How to Identify Major Risks Present In Your Project
By Glen D. Ford
Risk and risk management is part of the game when running projects. That’s why risk management is so important to project managers. And why so much time is spent identifying the potentials and their effects. And so much time is spent making plans for things that might happen — and might not.
So how do you identify major risks present in your project?
First off, let’s correct some terminology. You don’t identify major risks. You identify major risk events. Risk is another word for probability or uncertainty. Specifically, it means that the event is not a certainty. You don’t know that it won’t happen, but equally you don’t know that it won’t happen.
This uncertainty means that as a seer you are faced with a difficulty. When do you spend money to avoid or encourage what may not happen? It’s hard enough predicting what you need to do. Predicting what you might have to do and then predicting what you should do because of that, can get a little mind-bending. Especially when you realize that disruption can be positive or negative. Having a new release with all your custom enhancements is extremely disruptive to an implementation plan. Especially when it happens in the middle of your customization efforts.
In this article, I’m going to focus on the 5 major ways to identify major risk events in your project.
- Past History
Every time you work on a project, you should be reviewing the lessons learned. This includes a list of the risks encountered. Of course, every once in a while you will encounter projects that you or your organization have never encountered before. That’s when you need to rely on others’ experience. Google can point you to risk event lists prepared by others. Project management texts also often contain risk lists. Consultants can also be a source of risk lists.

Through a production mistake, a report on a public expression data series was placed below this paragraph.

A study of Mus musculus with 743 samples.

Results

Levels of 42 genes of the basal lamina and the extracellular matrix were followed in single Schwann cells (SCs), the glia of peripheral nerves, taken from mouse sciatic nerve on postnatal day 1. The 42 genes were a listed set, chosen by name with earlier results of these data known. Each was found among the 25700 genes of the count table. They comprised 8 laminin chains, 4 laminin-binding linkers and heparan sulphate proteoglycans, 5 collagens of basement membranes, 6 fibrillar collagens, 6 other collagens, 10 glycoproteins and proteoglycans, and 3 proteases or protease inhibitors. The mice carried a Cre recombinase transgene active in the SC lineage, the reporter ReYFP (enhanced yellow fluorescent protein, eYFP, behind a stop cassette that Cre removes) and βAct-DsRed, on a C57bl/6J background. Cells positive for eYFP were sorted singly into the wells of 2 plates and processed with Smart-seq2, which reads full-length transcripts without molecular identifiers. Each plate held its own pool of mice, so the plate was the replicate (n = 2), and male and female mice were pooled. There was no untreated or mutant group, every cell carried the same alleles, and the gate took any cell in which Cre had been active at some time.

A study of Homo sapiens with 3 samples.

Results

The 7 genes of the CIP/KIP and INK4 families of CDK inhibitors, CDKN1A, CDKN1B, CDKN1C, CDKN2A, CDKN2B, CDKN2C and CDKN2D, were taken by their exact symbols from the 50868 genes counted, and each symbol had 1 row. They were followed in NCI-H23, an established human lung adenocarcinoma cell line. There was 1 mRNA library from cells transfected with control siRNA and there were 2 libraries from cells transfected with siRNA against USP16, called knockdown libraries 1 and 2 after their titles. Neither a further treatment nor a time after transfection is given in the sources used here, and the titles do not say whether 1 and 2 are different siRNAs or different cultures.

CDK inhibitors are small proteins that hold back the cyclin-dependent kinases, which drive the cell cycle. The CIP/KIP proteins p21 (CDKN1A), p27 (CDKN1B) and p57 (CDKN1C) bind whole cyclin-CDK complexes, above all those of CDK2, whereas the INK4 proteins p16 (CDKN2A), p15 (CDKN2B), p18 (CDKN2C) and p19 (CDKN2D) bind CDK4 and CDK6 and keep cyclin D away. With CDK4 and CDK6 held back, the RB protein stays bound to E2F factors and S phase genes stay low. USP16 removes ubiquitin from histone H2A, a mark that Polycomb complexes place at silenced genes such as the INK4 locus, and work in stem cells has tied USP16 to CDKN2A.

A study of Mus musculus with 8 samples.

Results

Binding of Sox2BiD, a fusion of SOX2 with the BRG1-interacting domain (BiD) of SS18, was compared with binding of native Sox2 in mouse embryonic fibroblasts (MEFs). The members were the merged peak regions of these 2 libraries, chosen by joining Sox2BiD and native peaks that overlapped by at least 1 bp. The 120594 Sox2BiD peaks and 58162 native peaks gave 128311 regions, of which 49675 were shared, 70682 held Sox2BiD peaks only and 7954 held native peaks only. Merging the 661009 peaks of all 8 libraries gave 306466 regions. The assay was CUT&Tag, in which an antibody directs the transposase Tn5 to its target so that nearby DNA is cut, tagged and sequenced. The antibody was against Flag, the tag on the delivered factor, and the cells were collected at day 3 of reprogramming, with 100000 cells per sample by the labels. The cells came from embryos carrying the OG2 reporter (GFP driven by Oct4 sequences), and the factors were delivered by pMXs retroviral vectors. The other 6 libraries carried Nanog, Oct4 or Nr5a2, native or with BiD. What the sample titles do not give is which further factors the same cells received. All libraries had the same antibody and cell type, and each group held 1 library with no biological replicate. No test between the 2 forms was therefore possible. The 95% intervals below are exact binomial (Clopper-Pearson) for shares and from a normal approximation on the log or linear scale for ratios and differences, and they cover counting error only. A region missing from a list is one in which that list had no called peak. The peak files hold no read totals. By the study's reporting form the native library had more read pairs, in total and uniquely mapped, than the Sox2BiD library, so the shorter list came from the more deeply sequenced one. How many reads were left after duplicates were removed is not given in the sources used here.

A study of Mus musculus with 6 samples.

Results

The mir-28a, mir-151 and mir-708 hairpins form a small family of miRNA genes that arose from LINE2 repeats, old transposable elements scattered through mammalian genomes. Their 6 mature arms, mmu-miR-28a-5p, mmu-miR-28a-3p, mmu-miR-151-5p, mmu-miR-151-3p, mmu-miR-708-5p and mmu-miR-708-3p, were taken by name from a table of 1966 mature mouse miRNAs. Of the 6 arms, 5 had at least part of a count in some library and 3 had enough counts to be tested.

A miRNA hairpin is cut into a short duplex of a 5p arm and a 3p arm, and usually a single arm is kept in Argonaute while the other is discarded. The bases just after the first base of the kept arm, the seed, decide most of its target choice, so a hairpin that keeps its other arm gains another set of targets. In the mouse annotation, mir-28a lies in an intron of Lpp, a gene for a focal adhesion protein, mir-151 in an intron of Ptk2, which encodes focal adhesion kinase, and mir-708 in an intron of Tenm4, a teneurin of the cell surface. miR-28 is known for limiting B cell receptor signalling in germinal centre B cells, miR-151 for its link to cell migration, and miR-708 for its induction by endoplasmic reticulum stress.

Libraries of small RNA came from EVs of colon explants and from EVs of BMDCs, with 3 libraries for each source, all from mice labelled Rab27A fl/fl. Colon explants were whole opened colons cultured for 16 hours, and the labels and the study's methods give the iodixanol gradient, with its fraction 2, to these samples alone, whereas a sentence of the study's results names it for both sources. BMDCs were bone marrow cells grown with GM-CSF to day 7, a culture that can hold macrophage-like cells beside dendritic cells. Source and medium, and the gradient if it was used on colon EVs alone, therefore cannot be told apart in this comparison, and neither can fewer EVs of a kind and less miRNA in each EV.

Work Breakdown Review
I originally called this brainstorming. Brainstorming is a technique of generating ideas and then reviewing them afterwards. It is one of the most popular methods of identifying major risk events. But even if you’re not using brainstorming, there is one common thread. You are starting from the work breakdown structure or list of tasks and identifying where things could occur.
Dr. Kaoru Ishikawa was a Japanese professor and quality management innovator. He is most remembered for his fishbone diagram which assists in cause and effect analysis. A cause and effect analysis begins by identifying the possible sources of problems and opportunities. And then progresses to identifying the possible risk events. The result is a logical list of risk events. This is unlike a work breakdown review which begins from the tasks and uses random idea generation. Each method tends to fill in the risk events the other misses.
So far, we’ve talked about formal techniques based on history or analysis. However, there is another possible source of ideas. Ask your sponsor and stakeholders. Often, people who are involved in the identification of the project can provide a different viewpoint. They will spot major risk events that are not spotted by analytical techniques.
Keep your eyes open
This is also known as the stumble-upon method. As we work through a project, the randomness of uncertainty disappears. As a result, uncertain or risk events also appear with greater clarity. One source that no project manager can afford to ignore is the team working on the project. I’m not talking about the managing team. I’m talking about the actual producing team. Their feedback and observations on potential risk events is critical. It should be included in every team meeting.
Glen Ford is an accomplished project management consultant, trainer and writer. He has over 20 years experience as a project manager in such diverse projects as Construction, IT, Software Development, Marketing and Business Startup. He is a serial entrepreneur who quite literally learned to be an entrepreneur at his great-grandfather’s knee.
Check out his newest book available on Amazon at http://vproz.ca/books/how-to-document-a-project-plan. You can read more from Glen on his blog.